Bilge from Bill G.

"The Secret Diary of Bill Gates" recycles yesterday's Web humor.


Janelle Brown
June 17, 1998 3:26AM (UTC)

| Bill Gates is a racist, sexist, sex-obsessed, megalomaniacal egotist who thinks he's a hell of a lot smarter than he really is.

That is the premise of "The Secret Diary of Bill Gates," a 272-page parody of Microsoft's maximum leader, based on the long-running Web site by the same name. It's unfortunate that the author -- anonymously named "Bill G." (quotes included) -- couldn't have just said that in the first page and saved the readers the other 271 pages of puerile humor, pointless effusions and vindictive jabs that make up the rest of this book.


The "Secret Diary" is a set of 365 brief diary entries (one for each day of 1997) which detail the purported daily thoughts and correspondences of Bill Gates. The majority of these entries consist of "ruminations" about the industry and Microsoft's superiority to its rivals, a detailed accounting of Gates' rising wealth, e-mails to adoring young fans who admire his haircut and sex appeal, countless top-10 lists and odes to his beloved Melinda.

There could be room here for a subtle parody of the thoughts of the richest man in the world as he takes Microsoft into industry monopolization. However, there's absolutely nothing subtle about "The Secret Diary." "Bill G." portrays his alter ego as a dork with the intellect of a 12-year-old, complete with repetitive interdictions like "Cool!!!!!" "Yeeeeaaahhh!" and "Rock 'n' Roll!" and an exclamation point on the end of most lines. The reader gets jabs at Gates' sex life -- "Melinda says my fitness regime is already paying dividends. Apparently, last night, my stamina was awesome!" -- and, just to make sure we know that Gates isn't intelligent, pointed comments along the lines of "I AM a visionary!" and "I'm so smart!"

A sample of some low points (along with their original punctuation):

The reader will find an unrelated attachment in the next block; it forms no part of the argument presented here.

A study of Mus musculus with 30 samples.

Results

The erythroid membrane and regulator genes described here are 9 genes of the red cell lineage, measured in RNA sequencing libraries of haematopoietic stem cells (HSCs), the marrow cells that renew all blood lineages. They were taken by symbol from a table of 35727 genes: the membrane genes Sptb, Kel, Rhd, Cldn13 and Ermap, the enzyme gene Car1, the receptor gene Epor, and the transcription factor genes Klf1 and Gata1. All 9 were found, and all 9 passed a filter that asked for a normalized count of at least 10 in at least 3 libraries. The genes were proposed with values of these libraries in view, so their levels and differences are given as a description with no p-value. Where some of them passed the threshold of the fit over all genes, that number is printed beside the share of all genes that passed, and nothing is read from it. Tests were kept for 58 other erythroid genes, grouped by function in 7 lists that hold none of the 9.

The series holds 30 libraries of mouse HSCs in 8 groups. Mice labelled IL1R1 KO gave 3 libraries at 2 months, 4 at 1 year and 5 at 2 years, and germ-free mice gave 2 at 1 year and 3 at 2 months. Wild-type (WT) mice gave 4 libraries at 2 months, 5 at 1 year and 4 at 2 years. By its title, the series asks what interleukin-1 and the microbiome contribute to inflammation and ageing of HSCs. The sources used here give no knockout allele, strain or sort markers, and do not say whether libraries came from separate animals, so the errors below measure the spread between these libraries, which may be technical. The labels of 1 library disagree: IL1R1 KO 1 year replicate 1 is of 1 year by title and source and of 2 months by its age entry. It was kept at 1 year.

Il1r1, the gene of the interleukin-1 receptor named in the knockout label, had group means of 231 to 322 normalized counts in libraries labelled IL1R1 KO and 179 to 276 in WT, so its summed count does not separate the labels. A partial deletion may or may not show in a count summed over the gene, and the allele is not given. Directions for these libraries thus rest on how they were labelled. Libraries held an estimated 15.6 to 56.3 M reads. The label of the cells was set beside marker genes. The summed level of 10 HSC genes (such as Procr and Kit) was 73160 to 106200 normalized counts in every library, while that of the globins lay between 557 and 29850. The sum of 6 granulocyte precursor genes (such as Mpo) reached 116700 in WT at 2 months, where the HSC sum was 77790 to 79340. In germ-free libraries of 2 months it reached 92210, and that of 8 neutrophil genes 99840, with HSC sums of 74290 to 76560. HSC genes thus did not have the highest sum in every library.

• a fictional correspondence with Spice Girl Mel B (a sample e-mail: "You're my favorite! You're the best-looking, most talented Spice Girl. You should go solo! Wow! This is SO cool! ... Wanna talk about the Internet with ME?!!!!!!!!!")
  • His Top 10 Phrases (included: "Way coooool!" "Into orbit!" and "Boy, I'm a smart guy!")
  • His thoughts on Kim Polese ("You're a chick! Chicks can't do software companies!")
  • His interpretation of wealth ("I can finally buy the little Hawaiian island of Lanai ... I could build my very own theme park ... Billywood!")

Not surprisingly, this kind of gibberish can only fill up so many pages (or diary entries, as the case may be). To fill the rest, the "Secret Diaries" has rehashed a lot of the silliness that's been circulating on the Web for years: the old "Top 10 Reasons a PC is Male" joke, the fart-that-is-a-fax tale and the "Top 10 Rejection Lines from Women" all get reworked as correspondences in Bill's life. There are even quotes from "Dilbert" cartoons.

But while the author may have found these kinds of jokes funny when he ran across them online, they show the main fallacy of "The Secret Diaries": They have no place in print.


Books, though, demand a bit more substance. But "The Secret Diary" too often reads like Webby filler -- juvenile one-paragraph jabs that might be worth a brief chuckle if you ran across them during your daily surfing, but not worthy of a 272-page tome.

The only mildly interesting aspect of "The Secret Diary" is the record of the ups and downs of 1997's technology news that it inadvertently provides: from Steve Jobs wavering on the Apple CEO job to Larry Ellison's sexual-harassment lawsuit. (There are also a few gems in the tech exec quotes sprinkled throughout the text, such as Steve Jobs' comment after taking Microsoft's $150 million: "Bill, thank you. The world's a better place.") But even these were probably more engaging when the events actually happened -- say, the day the diary entries originally went up -- and the fake Gates commentary doesn't add much.

Parodying Bill Gates is the journalistic equivalent of shooting a large fish in a very small barrel: It's easy to dislike the guy, simply because of the magnitude of his success -- but it takes a lot of bitterness to make fun of Gates' inadequacies for the duration of a whole book.



Janelle Brown

Janelle Brown is a contributing writer for Salon.